Blaming mosques for ISIS recruiting misses the issue

By Hani Hamdan, Engage Minnesota

Mosques inside the United Stated, including Minnesota mosques, are receiving extra news coverage as of late in connection with a few Muslims deciding to travel to Syria to fight against the Syrian Baathist regime of Bashar Al Assad. The news coverage includes what’s being done by Muslims and their law enforcement partners in curbing recruiting, charges being brought, details about recruits and their journeys, and sometimes negative connotations about mosques themselves, such as Fox 9’s recurring disingenuous depiction of mosques as being places for terror incitement.

Something, however, is being completely overlooked here, and it’s not exactly a subtle thing. In fact, it’s the single most important piece of the story: Bashar Al Assad’s regime’s continuing atrocities against Syrian Muslims.

While Western media seems to have lost track of the story of the Syrian revolution, that story is still very clear and simple: Syrians were living in a North Korea-like oppressive regime against which they admirably revolted peacefully in 2011 for several months. The regime responded with the kind of fierce horror only heard of in medieval times, so the revolution had no choice but to resort to arms. That’s the story a few years ago and the same regime is carrying out the exact same atrocities now, only with less international scrutiny and virtually no meaningful opposition aside from rebel forces.

Sure – these rebel forces have many extremists in their midst. But while most people conveniently chose to turn a blind eye to the conflict by adopting the cliche “all sides are bad” and “it’s just a heaping mess over there”, people of conscience never lost sight of the root cause of the problem: Muslims in Syria are, right now, being savagely massacred principally by the Assad regime, and a country whose majority population used to be Sunni Muslims is now being systematically ethnically cleansed. The regime is succeeding in actually changing the population composition under virtual silence from Western powers, and the Obama administration has just renewed its refusal to impose a no-fly zone over Syria, effectively giving permission to the Assad regime to continue bombing civilians with Scud missiles and barrel bombs.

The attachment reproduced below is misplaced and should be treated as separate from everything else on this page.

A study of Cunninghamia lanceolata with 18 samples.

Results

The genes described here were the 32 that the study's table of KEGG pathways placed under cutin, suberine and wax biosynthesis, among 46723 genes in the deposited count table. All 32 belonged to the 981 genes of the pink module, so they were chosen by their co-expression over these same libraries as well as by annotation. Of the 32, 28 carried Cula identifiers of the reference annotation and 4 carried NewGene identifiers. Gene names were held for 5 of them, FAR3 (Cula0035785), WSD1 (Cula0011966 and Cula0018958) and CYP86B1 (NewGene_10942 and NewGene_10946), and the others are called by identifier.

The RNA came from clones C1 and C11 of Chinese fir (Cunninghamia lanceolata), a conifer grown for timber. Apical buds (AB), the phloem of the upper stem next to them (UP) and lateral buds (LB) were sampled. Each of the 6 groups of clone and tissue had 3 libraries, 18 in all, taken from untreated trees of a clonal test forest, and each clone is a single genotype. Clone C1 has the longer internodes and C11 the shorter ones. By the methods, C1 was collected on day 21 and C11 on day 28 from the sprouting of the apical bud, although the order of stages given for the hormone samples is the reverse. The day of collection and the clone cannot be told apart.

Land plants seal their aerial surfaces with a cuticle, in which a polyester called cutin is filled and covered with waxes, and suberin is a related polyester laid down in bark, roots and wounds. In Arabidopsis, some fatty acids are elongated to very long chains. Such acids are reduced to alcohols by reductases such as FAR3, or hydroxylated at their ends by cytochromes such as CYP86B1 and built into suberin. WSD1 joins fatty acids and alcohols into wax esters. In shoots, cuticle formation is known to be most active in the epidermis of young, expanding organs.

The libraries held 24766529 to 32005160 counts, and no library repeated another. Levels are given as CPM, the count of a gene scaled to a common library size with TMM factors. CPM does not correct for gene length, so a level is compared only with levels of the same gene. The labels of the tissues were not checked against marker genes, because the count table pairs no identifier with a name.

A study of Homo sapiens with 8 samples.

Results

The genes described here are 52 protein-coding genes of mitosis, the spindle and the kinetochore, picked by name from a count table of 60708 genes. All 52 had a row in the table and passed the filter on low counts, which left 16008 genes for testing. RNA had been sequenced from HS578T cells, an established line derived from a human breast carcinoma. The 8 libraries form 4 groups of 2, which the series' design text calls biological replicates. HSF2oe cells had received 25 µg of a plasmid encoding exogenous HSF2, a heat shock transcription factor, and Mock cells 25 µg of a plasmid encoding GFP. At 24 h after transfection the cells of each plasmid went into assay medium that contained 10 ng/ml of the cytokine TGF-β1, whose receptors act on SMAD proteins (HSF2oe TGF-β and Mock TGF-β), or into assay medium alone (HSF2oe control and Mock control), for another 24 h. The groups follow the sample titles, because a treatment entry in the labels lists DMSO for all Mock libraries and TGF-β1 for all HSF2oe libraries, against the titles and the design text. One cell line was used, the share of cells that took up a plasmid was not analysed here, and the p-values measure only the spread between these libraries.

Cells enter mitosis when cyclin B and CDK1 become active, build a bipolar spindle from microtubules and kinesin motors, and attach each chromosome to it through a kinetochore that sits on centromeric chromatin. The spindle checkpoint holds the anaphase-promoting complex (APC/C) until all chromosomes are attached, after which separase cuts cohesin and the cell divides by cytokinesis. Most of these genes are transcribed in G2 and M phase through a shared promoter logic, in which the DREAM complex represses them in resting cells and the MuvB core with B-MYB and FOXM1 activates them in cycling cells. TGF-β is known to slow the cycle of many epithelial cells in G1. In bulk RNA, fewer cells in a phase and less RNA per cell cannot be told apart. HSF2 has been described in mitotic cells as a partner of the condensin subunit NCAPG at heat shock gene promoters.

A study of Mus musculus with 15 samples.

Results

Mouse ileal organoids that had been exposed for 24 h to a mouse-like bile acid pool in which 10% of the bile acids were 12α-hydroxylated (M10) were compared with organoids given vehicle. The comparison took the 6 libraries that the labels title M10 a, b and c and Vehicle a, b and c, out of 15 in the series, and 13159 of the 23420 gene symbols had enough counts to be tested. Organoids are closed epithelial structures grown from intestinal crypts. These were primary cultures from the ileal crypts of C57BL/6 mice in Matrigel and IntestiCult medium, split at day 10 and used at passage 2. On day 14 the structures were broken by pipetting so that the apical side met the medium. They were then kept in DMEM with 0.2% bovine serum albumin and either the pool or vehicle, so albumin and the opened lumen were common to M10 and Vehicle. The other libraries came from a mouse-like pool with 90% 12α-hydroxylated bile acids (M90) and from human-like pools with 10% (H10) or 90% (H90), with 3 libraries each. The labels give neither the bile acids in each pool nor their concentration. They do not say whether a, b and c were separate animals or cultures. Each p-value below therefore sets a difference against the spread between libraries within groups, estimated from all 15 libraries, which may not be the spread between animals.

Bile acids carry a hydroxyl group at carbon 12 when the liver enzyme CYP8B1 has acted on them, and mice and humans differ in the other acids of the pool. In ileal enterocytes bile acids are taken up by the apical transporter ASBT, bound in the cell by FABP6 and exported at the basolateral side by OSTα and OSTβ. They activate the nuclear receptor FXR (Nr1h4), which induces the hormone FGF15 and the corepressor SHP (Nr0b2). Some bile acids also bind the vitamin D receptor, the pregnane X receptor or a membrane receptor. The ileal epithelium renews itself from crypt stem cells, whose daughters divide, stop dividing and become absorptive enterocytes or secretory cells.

So you can turn away from this ongoing spectacle all you want. However, concerned Muslims and other people of conscience are keenly in tune with what’s happening on the ground in Syria. We see the beheaded babies. We read the stories of girls raped in front of their families before being killed. We see the photos of the bodies shredded apart by barrel bombs. We keep an eye on the statistics and the situation of refugees. We know the carnage is neither stopping nor getting better. And although ISIS has succeeded in diffusing international support for Syrians, there are still people out there who do not fall for the logical fallacy of “ISIS is bad, so let’s keep Assad in power”. Assad and ISIS are two faces of the same coin, but without a doubt, there is no remote comparison between the amount of blood on the hands of Assad’s regime and the hands of all other rebel groups combined. It is this regime that must be stopped if there will ever be a meaningful resolution to the conflict.

Therefore, no – mosques are not to blame here. All mosques can do is to educate their members and report suspicious activity, which they have been performing very well. But even if all mosques suddenly disappear from the United States, no one can stop a few rash individuals from following their youthful impulse in order to help a people so horrifically abused and so brazenly neglected as the Syrians. I’m proud that, while everyone has turned their backs to such a human catastrophe, we Muslims are among the few who still care. You can help, too, by reading more about the conflict and helping out with whatever you can. Here’s a good link:

One thought on “Blaming mosques for ISIS recruiting misses the issue”

  1. Right to the point! Thanks for the great article. While I think mosques can do better, I don’t know if all the wave about mosques being a source of terrorism is really about making them do better, and that is why I totally agree with you defending them.